U.S. President Obama taking his veto pen to the original 2016 NDAA. Credit: C-SPAN

WASHINGTON — As expected, U.S President Barack Obama vetoed on Oct. 22 the 2016 National Defense Authorization Act, a move that puts several national security space-related measures in limbo.

The White House objected to the bill primarily because Congress is using the Overseas Contingency Operations, or OCO, accounts to skirt spending caps imposed by the 2010 Budget Control Act for the Defense Department while keeping them in place for domestic programs.  OCO dollars are traditionally used to support ongoing war-on-terrorism activities, primarily in the Middle East and Afghanistan, and fall outside the normal budgeting process.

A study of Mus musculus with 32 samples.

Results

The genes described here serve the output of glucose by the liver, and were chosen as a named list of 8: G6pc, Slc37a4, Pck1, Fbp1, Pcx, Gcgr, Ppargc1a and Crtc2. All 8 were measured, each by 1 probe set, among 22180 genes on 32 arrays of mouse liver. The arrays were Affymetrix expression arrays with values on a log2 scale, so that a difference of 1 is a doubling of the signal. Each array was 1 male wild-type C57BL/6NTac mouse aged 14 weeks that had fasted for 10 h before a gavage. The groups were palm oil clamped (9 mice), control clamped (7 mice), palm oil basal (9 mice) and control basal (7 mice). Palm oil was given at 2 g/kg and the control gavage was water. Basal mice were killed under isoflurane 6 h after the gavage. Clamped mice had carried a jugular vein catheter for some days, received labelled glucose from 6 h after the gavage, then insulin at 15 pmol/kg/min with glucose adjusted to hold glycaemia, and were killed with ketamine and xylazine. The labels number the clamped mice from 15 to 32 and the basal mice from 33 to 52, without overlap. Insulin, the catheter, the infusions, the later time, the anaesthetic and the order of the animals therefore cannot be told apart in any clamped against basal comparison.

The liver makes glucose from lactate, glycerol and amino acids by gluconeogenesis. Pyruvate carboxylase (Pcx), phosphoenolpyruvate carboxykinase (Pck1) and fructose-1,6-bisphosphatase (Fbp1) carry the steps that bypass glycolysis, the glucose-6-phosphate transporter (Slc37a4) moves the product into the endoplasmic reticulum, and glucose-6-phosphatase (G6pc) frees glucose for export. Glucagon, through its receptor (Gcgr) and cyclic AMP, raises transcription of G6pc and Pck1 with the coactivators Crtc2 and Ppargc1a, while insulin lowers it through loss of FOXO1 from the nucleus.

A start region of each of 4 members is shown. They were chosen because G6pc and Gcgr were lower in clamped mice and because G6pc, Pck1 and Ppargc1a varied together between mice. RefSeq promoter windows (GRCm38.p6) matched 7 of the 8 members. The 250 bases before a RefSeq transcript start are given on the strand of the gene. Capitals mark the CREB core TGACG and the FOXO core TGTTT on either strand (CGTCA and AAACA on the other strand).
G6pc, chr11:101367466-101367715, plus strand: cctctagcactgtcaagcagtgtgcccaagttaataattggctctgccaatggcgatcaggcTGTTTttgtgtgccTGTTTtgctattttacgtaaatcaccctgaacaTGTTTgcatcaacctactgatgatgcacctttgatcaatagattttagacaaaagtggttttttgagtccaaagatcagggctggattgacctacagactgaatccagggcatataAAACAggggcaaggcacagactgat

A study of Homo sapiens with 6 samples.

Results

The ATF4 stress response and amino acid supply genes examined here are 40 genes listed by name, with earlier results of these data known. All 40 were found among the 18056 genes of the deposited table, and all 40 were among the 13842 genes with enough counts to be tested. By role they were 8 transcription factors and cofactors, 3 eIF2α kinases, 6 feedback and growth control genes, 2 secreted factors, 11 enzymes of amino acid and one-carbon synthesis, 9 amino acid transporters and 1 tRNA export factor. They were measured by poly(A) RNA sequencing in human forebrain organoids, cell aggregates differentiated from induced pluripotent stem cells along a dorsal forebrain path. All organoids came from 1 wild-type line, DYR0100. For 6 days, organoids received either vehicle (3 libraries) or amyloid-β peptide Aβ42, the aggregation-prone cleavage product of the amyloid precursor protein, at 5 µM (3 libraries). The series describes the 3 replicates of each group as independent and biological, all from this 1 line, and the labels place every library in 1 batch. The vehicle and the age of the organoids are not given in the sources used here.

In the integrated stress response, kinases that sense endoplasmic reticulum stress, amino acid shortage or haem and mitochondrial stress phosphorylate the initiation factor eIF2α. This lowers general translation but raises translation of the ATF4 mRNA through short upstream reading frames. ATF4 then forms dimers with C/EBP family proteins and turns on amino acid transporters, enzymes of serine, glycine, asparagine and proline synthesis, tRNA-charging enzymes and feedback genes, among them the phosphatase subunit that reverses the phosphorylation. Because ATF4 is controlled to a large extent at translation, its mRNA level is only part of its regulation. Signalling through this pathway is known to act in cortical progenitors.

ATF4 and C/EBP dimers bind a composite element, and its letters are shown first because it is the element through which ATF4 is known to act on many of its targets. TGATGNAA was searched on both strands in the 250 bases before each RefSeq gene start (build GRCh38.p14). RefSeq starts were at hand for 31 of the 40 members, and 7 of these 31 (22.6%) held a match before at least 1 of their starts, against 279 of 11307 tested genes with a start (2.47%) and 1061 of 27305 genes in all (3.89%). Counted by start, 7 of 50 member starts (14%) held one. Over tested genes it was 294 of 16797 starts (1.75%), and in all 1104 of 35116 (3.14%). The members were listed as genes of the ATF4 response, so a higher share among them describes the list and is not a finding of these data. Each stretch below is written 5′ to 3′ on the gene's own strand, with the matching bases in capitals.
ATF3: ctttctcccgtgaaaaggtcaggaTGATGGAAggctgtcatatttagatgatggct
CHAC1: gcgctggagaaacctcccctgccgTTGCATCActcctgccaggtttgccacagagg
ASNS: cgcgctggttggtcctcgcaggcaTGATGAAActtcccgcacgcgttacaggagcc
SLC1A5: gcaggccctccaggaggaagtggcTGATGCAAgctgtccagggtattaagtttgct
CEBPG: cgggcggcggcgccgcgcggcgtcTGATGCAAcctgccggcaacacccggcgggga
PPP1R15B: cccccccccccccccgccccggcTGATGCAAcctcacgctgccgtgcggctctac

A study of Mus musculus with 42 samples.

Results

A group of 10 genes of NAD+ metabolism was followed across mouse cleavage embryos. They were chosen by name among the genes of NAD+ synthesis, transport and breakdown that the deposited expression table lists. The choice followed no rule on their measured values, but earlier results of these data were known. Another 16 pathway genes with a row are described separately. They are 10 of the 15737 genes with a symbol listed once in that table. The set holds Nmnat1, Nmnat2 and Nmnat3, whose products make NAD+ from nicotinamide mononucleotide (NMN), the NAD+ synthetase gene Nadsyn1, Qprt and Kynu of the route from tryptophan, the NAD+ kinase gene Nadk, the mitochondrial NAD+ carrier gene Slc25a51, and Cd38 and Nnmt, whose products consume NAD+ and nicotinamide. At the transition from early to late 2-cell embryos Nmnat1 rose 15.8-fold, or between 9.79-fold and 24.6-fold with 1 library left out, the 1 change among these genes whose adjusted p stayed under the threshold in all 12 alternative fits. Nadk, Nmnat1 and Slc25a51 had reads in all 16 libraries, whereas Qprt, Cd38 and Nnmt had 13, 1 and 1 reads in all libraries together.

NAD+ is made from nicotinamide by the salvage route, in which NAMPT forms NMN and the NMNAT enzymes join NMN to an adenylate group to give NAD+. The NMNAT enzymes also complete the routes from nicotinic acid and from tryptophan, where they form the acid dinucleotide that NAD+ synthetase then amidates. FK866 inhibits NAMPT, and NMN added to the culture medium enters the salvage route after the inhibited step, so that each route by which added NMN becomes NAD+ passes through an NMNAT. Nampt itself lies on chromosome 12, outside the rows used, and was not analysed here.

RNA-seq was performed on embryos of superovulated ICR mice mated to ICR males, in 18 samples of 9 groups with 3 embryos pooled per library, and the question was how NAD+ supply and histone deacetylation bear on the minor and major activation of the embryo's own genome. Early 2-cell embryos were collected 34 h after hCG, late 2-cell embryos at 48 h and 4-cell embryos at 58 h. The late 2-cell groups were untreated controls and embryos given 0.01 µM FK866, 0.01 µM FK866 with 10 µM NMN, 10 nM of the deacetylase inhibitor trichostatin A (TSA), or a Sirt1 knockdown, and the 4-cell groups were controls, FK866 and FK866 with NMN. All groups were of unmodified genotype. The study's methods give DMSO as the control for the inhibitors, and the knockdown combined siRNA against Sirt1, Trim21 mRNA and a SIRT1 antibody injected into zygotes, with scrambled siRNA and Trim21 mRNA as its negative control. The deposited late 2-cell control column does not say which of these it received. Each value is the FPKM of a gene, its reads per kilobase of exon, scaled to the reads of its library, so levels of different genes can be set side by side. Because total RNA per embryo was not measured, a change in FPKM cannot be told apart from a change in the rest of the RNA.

Leaders in the House of Representatives scheduled to vote to override the veto on Nov. 5. The NDAA originally passed the House by a vote of 270-156, about 20 votes short of the total needed to override the veto.

House and Senate negotiators completed work Sept. 29 on the bill that gives government launch services provider United Launch Alliance access to far fewer Russian-made engines than the company says it needs to stay viable in its core national security market as it develops a new rocket featuring a domestic propulsion system.

The bill also authorizes $40 million next year for a legacy U.S. Air Force weather satellite program but restricted access to the funding until senior Defense Department officials can demonstrate that launching the final satellite in the series, which was built in the 1990s, is the best and most affordable option.

Mike Gruss covers military space issues, including the U.S. Air Force and Missile Defense Agency, for SpaceNews. He is a graduate of Miami University in Oxford, Ohio.